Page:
Collecting Medieval Coins
Coin collectors usually think of medieval coins as the hand-hammered, paper-thin coins of Europe, although this is a narrow view of what is available to be collected. Both medieval Byzantine and Islamic coins are available as well. The Byzantine Empire began its life as the Eastern Roman Empire and for that reason is typically treated as an area of ancient collecting. Islamic coinage is typically ignored as a separate collecting area. Many issues of India from the same period are also considered medieval coins.
In general, medieval coinage begins with the fall of the Roman Empire in A.D. 476 and continues until each individual coin-issuing entity began to use machines rather than manpower alone to produce its coinage.
Medieval Coin History
Silver rather than gold coins dominate the medieval period of European numismatics. However, Islamic and Byzantine coins are dominated by gold. Medieval European coin collecting is not a particularly popular area since most of the coins appear to be very similar until studied closely. They are unattractive crudely struck paper-thin coins often merely depicting a cross on one or both sides.
Medieval Coin Theme Collecting
Most collectors of medieval European coins collect deniers of various rulers. The English and French coinage systems were sufficiently organized that collecting a sample coin of each ruler is a possible collecting theme, but many collectors concentrate on the more famous personalities in whose name coins were struck. These include Charlemagne and Frederick Barbarossa.
Collectors typically collect Byzantine coins in a similar manner to how Roman coins are collected—attempting to assemble a set of coins in which each piece represents a different ruler.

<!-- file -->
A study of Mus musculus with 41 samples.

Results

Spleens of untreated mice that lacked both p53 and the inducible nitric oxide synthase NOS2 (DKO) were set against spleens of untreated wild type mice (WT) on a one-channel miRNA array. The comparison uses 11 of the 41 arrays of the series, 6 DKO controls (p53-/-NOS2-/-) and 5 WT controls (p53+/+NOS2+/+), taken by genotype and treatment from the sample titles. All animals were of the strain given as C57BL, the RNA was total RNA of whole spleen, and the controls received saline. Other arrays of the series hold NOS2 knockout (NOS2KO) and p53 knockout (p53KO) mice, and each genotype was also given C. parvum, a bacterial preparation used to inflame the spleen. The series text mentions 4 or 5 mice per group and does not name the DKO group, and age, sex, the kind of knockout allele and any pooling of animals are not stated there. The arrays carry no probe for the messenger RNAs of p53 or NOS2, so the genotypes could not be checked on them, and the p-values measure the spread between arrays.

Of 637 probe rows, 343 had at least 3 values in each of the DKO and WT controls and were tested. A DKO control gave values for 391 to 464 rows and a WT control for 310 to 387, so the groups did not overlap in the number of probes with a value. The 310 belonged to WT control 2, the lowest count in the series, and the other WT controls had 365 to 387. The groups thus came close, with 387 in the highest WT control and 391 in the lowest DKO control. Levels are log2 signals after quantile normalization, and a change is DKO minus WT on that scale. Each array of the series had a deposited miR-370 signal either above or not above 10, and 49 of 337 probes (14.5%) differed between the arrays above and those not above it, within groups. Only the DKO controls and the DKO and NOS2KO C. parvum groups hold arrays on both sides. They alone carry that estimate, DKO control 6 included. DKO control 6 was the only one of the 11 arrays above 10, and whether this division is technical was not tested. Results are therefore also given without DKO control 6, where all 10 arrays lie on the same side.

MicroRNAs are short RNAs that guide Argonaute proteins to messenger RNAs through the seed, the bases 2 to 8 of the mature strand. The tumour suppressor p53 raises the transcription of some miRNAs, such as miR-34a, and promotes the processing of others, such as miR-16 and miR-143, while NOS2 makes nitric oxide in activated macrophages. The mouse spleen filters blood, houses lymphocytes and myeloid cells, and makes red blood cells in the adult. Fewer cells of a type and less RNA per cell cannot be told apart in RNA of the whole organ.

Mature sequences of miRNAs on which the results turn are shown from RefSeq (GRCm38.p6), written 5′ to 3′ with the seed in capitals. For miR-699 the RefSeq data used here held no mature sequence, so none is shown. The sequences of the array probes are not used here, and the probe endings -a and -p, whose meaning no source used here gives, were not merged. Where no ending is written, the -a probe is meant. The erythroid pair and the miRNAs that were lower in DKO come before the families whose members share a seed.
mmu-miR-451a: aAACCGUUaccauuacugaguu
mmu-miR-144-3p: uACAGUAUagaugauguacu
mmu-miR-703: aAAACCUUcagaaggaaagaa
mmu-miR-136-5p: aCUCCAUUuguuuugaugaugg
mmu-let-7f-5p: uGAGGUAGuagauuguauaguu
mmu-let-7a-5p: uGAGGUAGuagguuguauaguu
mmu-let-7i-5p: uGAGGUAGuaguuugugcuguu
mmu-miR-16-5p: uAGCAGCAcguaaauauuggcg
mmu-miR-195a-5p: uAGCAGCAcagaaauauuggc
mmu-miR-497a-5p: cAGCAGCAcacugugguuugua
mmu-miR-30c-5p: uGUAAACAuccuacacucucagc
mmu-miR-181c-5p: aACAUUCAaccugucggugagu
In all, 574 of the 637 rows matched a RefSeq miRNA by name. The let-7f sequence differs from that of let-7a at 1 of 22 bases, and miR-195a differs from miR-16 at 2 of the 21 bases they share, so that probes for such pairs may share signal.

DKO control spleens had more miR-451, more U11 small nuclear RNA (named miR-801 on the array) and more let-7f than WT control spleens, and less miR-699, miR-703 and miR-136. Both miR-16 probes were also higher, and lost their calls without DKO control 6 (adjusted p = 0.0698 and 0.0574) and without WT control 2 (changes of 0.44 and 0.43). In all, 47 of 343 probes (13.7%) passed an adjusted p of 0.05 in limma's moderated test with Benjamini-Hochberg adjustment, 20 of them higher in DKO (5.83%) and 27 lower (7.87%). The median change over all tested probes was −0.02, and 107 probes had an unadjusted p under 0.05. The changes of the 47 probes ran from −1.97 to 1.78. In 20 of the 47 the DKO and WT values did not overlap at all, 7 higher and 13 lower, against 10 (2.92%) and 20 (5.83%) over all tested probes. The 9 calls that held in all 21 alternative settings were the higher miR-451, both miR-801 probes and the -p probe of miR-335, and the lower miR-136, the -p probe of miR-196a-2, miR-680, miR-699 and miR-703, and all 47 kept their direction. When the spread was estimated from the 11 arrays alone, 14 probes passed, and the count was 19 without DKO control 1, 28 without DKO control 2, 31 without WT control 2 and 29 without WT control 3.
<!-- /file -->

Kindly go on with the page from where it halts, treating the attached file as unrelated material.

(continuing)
Medieval Coin Denominations
Gold coins typically encountered are the solidus, semissis (half solidus), and tremissis (third solidus). Silver coins are the miliarense (1/12 solidus) and its half, the siliqua. Although there are a number of small denomination bronze or copper coins, the most commonly encountered coins will be the follies (180 to the gold solidus) and the nummus (7,200 to the gold solidus). This coinage system was used in the later Roman Empire, then in the Byzantine Empire, with parts of the system being borrowed for use in other medieval European countries as they evolved.
Although there were many coin denominations issued during the medieval period of European coinage, the most commonly encountered are the following.
Bracteates: These paper-thin silver coins have an image on one side that is struck through so as to show the same image in retrograde on the other side.
Deniers: This is a small silver coin known in some countries as the pfennig, penny, and the like. This is the basic coin of the medieval coinage system.
Obols: This is a half denier.
Groschen: These large silver coins appeared late in the medieval period, following the discovery of significant silver deposits.
Talers: Praguer groschen of 12 pfennig value introduced in 1300.
Medieval Coin Identification
The most commonly encountered coin is the silver denier, based on the Roman coin denomination the denarius. These medieval coins typically include Gothic or similar character inscriptions that are often in Latin. Since many of them are abbreviated due to the small diameter of the coins, it's very challenging to read them.
On occasion the iconography/heraldic devices can assist in identifying such coins, but it takes practice coupled with the use of several specialized books on the subject for the average collector.
Medieval Coin Dating
We take it for granted today that our coins carry the year in which they were produced, but this wasn't always so. It is generally accepted that the first modern Christian dated coin in Europe is an obscure issue of Valdemar II of Denmark dated 1234. Dating of coins didn't become commonplace until after 1501, so all Christian dated coins prior to this are collectible. The most commonly encountered coins will likely be those of Saxony. Many early Christian dated coins prior to 1501 are known from only a few examples, however this isn't a popularly collected field, so coin prices are very reasonable.
Many Byzantine coins can be dated by the regnal year (year of the reign of the emperor named on the coin) expressed in Roman or Greek numerals. Mint marks and even the individual mint shop within the mint can often be identified as well.